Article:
By Brian Cody Wibowo

March 13, 2024

In Response to Degrowth as the Imperative in the Age of the Polycrisis

Kohei Saito’s incisive analysis of the polycrisis and his case for degrowth as an imperative deserve a deeper reflection. His critique of the inherent pathologies of capitalism—its inefficiency in meeting human needs, its relentless drive to externalize costs, its reliance on exploitation, and its unequal exchange—is trenchant and persuasive. Equally compelling is his argument that reformist measures tinker at the margins while the core logic of accumulation and growth remains untouched, accelerating ecological and social collapse. Saito’s vision of a society that subordinates the economy to human well-being and ecological sustainability, rather than the reverse, is powerful and necessary.

However, while the degrowth diagnosis is convincing, the prognosis raises tricky questions about political economy that require further interrogation. The hegemony of growth is deeply entrenched not only in the circuits of capital and the corridors of power, but in the subjectivities and aspirations of citizens. Dislodging it would require a profound cultural and ideological shift, a “decolonization of the imaginary,” as Serge Latouche puts it, on a scale seldom seen outside of wartime. It’s unclear what social and pedagogical conditions could catalyze such a shift, or what role degrowth advocates could play in fostering it. The risk is that without a viable alternative vision and a broad-based movement to support it, the default response to crisis will be a doubling down on growth and a descent into eco-fascism, a very outcome it seeks to avoid.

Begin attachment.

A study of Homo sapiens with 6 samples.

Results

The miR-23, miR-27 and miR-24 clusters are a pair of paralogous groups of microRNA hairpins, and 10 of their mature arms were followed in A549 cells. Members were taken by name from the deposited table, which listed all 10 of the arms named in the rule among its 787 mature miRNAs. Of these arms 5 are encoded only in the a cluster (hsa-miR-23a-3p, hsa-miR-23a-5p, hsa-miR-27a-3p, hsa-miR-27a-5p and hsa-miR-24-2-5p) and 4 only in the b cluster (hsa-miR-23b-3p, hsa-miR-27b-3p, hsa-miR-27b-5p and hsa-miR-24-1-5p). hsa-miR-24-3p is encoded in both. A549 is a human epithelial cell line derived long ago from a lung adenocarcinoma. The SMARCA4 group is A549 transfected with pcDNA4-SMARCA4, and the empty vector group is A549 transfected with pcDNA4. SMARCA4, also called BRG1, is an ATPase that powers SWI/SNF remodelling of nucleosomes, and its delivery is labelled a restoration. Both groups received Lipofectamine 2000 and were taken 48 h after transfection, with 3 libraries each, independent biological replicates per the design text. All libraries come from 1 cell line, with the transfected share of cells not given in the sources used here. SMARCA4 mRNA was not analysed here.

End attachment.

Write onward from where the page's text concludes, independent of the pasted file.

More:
Moreover, even if the political will for degrowth could be mustered, the challenge of managing a just and orderly transition is formidable. Proponents of a socially just sustainability like John Bellamy Foster have argued that simply slowing down the “treadmill of production” risks causing massive dislocations and upheavals, particularly for the working classes. The Global South degrowth, if mishandled, could look a lot like austerity, with all its attendant social costs. This is especially true for the South, where many economies are dependent on exporting to Northern markets. A rapid decoupling could pull the rug out from under these economies, while a sudden influx of wealth and technology transfers from North to South could exacerbate internal inequalities and neo-colonial dynamics.

What is needed, then, is a carefully managed, equitable transition that decouples livelihoods from growth while empowering the South to chart its own autonomous, post-development pathways. This will require new forms of global solidarity and cooperation, as well as transitional policies and institutions designed to redistribute resources, support alternative livelihoods, and build resilience in the face of inevitable shocks and backlashes. It will also require grappling with difficult questions of global justice and reparations for ecological debt. None of this invalidates Saito’s central thesis—that degrowth is an existential imperative. But it underscores the magnitude of the task and the need for clear-eyed strategic thinking. As Gramsci said, we must combine the pessimism of the intellect with the optimism of the will. Charting a degrowth course in an age of polycrisis is perhaps the most urgent task facing humanity today—and also the most daunting.

Brian Cody Wibowo (SFS’25) is a junior at the School of Foreign Service at Georgetown University in Qatar.